Economic Stability and the Central Bank: Rule or Discretion
The history of monetary policy in Iran, judging by their performance in keeping the value of the currency, maintaining a steady growth in the Gross Domestic Product, faltering investment, show that monetary policy has not been a portrait of consistent successes, to say the least. It has been employed in an on-again-off-again manner rather than as a tool for proactive decision making. In this paper the author shows the simulation results for the GDP growth under a regime of fixed monetary rule under different assumptions Comparing the historical changes in the monetary base with a policy rule would highlight the benefits of a response rule. One could see wider fluctuations in the monetary base compare to what was warranted according to the response function. They also show that in most of the cases, monetary base moved the opposite of what should have been done according to the response function. That is, in most years, they reduced the money supply when they should have increased it and increased the money supply when they should have decreased it. At times, it seems that they made a wrong monetary policy and the next year, found their mistake and over compensated for the mistake by overshooting or undershooting.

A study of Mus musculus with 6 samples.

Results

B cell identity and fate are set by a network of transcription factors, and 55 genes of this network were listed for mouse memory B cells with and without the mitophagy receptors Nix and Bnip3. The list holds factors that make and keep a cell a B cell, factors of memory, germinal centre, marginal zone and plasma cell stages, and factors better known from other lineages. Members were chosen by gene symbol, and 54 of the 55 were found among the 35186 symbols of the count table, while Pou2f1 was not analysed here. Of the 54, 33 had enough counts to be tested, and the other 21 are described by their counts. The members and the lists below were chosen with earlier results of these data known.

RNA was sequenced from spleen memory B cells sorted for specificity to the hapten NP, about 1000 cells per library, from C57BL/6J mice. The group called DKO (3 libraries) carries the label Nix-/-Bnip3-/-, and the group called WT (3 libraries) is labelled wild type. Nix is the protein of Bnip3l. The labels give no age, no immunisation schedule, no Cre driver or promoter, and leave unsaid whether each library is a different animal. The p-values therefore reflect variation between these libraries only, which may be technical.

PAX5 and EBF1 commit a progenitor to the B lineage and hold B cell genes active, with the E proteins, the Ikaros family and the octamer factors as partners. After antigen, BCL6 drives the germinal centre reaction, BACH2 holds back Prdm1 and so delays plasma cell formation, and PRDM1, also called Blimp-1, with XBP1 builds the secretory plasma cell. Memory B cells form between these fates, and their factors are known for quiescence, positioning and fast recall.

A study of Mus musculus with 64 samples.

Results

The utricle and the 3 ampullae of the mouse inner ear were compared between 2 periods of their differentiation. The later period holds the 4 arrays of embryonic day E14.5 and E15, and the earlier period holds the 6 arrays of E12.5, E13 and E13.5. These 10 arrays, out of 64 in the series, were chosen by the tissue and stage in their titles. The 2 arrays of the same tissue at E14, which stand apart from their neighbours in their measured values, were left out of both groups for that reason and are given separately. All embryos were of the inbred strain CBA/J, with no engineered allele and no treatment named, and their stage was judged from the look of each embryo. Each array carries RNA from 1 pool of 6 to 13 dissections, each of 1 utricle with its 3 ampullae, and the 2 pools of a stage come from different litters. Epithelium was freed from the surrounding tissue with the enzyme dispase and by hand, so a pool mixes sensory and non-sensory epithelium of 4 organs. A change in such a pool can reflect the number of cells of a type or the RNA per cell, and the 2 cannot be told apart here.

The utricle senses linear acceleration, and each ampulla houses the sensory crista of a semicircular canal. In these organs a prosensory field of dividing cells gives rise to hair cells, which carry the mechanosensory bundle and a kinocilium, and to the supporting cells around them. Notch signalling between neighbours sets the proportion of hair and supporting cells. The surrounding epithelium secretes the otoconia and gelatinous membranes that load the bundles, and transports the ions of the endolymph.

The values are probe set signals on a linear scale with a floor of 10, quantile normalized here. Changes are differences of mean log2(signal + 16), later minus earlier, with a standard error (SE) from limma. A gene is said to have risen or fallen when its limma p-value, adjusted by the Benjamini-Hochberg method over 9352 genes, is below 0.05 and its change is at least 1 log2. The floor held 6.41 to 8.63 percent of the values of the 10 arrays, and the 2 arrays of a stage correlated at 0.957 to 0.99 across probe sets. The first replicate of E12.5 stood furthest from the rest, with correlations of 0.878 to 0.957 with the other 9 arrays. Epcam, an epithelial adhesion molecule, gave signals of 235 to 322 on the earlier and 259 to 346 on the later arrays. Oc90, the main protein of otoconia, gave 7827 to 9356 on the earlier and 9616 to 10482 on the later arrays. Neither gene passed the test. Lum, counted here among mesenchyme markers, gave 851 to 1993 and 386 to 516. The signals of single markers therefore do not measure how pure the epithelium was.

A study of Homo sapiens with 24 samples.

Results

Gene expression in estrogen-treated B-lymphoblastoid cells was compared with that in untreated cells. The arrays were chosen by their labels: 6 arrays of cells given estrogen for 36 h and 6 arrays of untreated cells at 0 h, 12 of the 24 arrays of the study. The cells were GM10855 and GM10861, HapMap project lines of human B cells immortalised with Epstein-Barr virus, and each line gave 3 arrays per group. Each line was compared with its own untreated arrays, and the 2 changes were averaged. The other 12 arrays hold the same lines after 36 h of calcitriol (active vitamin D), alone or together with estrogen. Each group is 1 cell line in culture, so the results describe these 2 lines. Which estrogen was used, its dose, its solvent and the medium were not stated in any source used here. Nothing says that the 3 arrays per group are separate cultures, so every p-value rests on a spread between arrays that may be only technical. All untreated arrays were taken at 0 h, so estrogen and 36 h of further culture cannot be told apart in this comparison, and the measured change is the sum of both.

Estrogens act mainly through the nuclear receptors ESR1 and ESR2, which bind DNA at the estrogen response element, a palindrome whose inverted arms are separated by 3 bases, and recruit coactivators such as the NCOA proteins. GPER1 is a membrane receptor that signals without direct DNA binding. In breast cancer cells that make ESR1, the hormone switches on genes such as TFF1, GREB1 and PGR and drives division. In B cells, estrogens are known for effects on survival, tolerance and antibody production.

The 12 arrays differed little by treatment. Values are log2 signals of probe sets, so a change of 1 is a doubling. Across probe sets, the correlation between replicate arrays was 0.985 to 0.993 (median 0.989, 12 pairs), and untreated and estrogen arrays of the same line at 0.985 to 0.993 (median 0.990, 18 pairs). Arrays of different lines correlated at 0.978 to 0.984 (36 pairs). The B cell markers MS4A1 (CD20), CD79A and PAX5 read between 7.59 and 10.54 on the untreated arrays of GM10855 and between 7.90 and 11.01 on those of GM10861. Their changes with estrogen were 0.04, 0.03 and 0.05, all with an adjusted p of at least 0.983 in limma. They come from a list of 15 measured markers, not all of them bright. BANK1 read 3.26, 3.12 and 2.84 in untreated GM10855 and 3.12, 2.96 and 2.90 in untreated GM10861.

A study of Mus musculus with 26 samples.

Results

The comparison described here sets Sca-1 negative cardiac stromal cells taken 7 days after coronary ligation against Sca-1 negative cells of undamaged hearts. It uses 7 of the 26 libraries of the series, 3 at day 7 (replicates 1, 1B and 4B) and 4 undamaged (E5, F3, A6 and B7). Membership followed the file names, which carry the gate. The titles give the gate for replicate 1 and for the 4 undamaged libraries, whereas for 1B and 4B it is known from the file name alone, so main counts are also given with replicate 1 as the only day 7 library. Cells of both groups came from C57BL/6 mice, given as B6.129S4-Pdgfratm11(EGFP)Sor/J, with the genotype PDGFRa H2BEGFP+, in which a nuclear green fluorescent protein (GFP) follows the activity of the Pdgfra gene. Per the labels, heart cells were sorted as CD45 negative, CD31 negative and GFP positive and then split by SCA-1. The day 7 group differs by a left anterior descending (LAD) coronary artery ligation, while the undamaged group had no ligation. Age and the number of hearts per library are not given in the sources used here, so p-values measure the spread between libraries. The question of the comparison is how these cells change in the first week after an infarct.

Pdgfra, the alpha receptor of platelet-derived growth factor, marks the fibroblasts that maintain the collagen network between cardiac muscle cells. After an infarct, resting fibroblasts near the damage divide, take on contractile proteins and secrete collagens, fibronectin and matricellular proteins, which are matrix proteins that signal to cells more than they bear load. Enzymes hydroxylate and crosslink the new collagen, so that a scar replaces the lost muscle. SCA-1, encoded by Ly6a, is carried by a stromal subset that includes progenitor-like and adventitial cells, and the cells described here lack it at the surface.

|Date of creation:||2006|
|Date of revision:||2006|
|Publication status:||Published in Iranian Economic review 16.11(2006): pp. 165-175|
- Michael J. Dueker & Andreas M. Fischer, 1998. "A guide to nominal feedback rules and their use for monetary policy," Review, Federal Reserve Bank of St. Louis, issue Jul, pages 55-63.